Our bespoke sound system for Spiritland.


We have a long, perhaps unique, history of bespoke product development and system enhancement for discerning music lovers.

Living Voice ‘turbo’ upgrades have been applied to products from manufacturers including Art Audio, Canary Audio and SME; bespoke product commissions include our ‘Cosmotron’ loudpeaker and our un-matched G8 equipment table, originally designed for the specific environment of super-yachts. We not only possess expertise in design and manufacture but also an innate understanding of materials and finishes.

When Paul Noble and the Spiritland team approached us to develop a system for use in their new venue, we needed little encouragement to take on the challenge.

Above all it’s important to realise that this is not a ‘PA’ system in the conventional sense – churning one-note bass was not on the menu, conveying passion, scale and nuance while energising a fairly large physical space was the order of the day.

The system continues to garner interest from both the conventional hi-fi arena as well as mainstream media, and almost more gratifyingly, from visitors to Spiritland who perhaps previously had little direct experience of the impact of the performance which such a system can offer.

While something of an ongoing project, Spiritland can confidently be declared a success. We await the next challenge with interest.

News & Media

March 2017

The Robb Report poses the question – ‘Could this be the world’s best sound system?’


March 2017

BBC news item on the Spiritland sound system.

“You couldn’t be further away from MP3s and cheap headphones.” Quite.

January 2017

A feature article in The Times on our bespoke sound system for Spiritland.


December 2016

New video featuring Spiritland’s bespoke sound system.

Everything’s come together beautifully on our custom-built sound system for this much-anticipated London venue. Horns and valves, what’s not to like? Find out more about Spiritland.

December 2016

New York Times article on the rise of the ‘audiophile listening club.’


Links to articles in the specialist hi-fi press.

The technical bit. The Living Voice speaker system for Spiritland.

The mid-bass driver is a Vitavox AK151. A 15" unit designed specifically for horn loudspeakers, its powerful 2kg magnet is made of AlNiCo – the Rolls Royce of magnet materials.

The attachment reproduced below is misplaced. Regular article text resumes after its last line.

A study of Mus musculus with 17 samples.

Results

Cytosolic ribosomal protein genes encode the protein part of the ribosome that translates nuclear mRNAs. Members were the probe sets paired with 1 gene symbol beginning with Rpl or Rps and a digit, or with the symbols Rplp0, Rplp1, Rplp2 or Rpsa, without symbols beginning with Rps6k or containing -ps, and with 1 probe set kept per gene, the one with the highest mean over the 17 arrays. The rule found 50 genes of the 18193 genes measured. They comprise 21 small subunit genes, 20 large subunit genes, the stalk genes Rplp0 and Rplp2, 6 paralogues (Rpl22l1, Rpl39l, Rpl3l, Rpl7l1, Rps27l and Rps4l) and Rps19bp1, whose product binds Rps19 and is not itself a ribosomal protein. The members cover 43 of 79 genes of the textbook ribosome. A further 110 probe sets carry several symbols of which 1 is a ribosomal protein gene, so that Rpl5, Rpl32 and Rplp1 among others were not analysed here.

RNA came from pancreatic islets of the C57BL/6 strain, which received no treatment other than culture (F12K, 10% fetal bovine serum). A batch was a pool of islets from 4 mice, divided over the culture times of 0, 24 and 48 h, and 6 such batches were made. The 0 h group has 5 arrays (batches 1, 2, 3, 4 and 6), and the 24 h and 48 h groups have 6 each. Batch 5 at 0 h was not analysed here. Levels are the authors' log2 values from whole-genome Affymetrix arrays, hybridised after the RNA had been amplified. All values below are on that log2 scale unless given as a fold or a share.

It’s coupled to the throat of a horn which amplifies the driver’s output along a 1.9 metre expanding (exponential) development. This horn is folded to make it physically compact.

This mid-bass horn covers the frequency range of 70Hz–400Hz, that of male voice, kick drum, tympani, tom drums and snares.

The mid frequency driver is also from Vitavox, the classic Vitavox S2, also with a powerful AlNiCo magnet.This uses a featherweight 2” cone diaphragm with a thickness of just 50 microns, coupled to a cellular aluminium horn to amplify its output. It covers the frequencies from 400Hz–5kHz, that of trumpet, flute, piccolo and cymbals as well as female voice.

The high frequency drivers are a pair of Living Voice-modified JBL 2405s. One fires forward, the other backwards, to create an uniform distribution of ‘presence-band’ sound in the room.

The frequency range is 5kHz–15kHz, covering the upper harmonics of instruments and defining the physical position of instruments in space.

The ultra high frequency unit also uses an AlNiCo magnet to control a tiny 30 micron thick aluminium ring diaphragm. This unit was designed by Vitavox specifically for the Living Voice Vox Palladian project. The sound is radiated through a small exponential horn to generate the frequencies from 15kHz–40kHz – way above that of human hearing and beyond the range of most instruments. It provides subliminal information about the nature of the acoustic in the recording venue, as well as ‘spacial’ information.

The sub-bass units are not horn designs. Instead they use two 18" JBL drivers in a vented tuned enclosure to cover just the lowest two octaves – 20–70 Hz. These are driven by a purpose-designed 500 watt Living Voice bass amplifier to cover the lowest frequencies of organ, piano, electric bass, and contra bassoon. They also reproduce ambient environmental noise from the recording venue to provide a foundation, context and underpinning to the music.

Spiritland venue photography by Andrew Urwin, ‘Spiritland Talks’ and ‘Events’ photography by John Sturrock.